ZFIN ID: ZDB-PUB-090629-30
Co-activation of hedgehog and AKT pathways promote tumorigenesis in zebrafish
Ju, B., Spitsbergen, J., Eden, C.J., Taylor, M.R., and Chen, W.
Date: 2009
Source: Molecular Cancer   8: 40 (Journal)
Registered Authors: Chen, Wenbiao, Ju, Bensheng, Spitsbergen, Jan, Taylor, Michael R.
Keywords: none
MeSH Terms:
  • Animals
  • Animals, Genetically Modified
  • Green Fluorescent Proteins/genetics
  • Green Fluorescent Proteins/metabolism
  • Hedgehog Proteins/genetics
  • Hedgehog Proteins/metabolism*
  • Histocytochemistry
  • Humans
  • Neoplasms, Experimental/metabolism*
  • Phosphorylation
  • Proto-Oncogene Proteins c-akt/genetics
  • Proto-Oncogene Proteins c-akt/metabolism*
  • Receptors, Cell Surface/metabolism
  • Receptors, G-Protein-Coupled/genetics
  • Receptors, G-Protein-Coupled/metabolism*
  • Zebrafish/genetics
  • Zebrafish/metabolism*
  • Zebrafish Proteins/genetics
  • Zebrafish Proteins/metabolism*
PubMed: 19555497 Full text @ Mol. Cancer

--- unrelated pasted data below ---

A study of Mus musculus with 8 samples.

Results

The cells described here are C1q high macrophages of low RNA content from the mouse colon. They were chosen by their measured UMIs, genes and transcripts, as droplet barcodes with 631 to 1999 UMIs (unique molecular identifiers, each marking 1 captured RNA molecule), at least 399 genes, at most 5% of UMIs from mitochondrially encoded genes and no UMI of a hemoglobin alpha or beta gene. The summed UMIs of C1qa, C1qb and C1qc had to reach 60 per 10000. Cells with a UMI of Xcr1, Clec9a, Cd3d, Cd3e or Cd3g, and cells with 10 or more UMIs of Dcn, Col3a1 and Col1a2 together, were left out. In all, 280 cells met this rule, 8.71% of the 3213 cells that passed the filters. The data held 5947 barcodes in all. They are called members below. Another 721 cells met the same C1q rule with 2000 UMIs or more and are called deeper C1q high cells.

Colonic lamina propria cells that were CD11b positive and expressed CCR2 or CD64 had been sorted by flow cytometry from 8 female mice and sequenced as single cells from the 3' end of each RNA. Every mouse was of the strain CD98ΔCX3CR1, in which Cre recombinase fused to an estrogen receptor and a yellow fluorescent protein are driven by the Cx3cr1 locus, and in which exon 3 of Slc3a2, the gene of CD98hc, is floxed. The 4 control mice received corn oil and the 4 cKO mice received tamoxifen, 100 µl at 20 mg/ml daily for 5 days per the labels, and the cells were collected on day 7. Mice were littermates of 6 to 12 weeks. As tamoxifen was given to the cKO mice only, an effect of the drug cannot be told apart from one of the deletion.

ABSTRACT: The zebrafish has become an important model for cancer research. Several cancer models have been established by transgenic expression of human or mouse oncogenes in zebrafish. Since it is amenable to efficient transgenesis, zebrafish has immense potential to be used for studying interaction of oncogenes and pathways at the organismal level. Using the Gal4VP16-UAS binary transgenic expression approach, we established stable transgenic lines expressing an EGFP tagged activated zebrafish smoothened (smoa1). Expression of the zebrafish smoa1 itself did not lead to tumor formation either in founder fish or subsequent generations. Neither did expression of a constitutively active form of human AKT1. However, co-expression of the two oncogenes resulted in several tumor types, including spindle cell sarcoma, rhabdomyoma, ocular melanoma, astrocytoma and so on. All tumor types showed GFP expression, suggesting involvement of zebrafish smoa1 in tumorigenesis. Immunofluorescence studies showed that tumors also expressed elevated levels of phosphorylated AKT, indicating activation of the PI3K-AKT pathway. These results suggest that co-activation of the hedgehog and AKT pathways promote tumorigenesis, and the binary transgenic approach may become an invaluable tool for studying interaction of oncogenes and oncogenic pathways in zebrafish.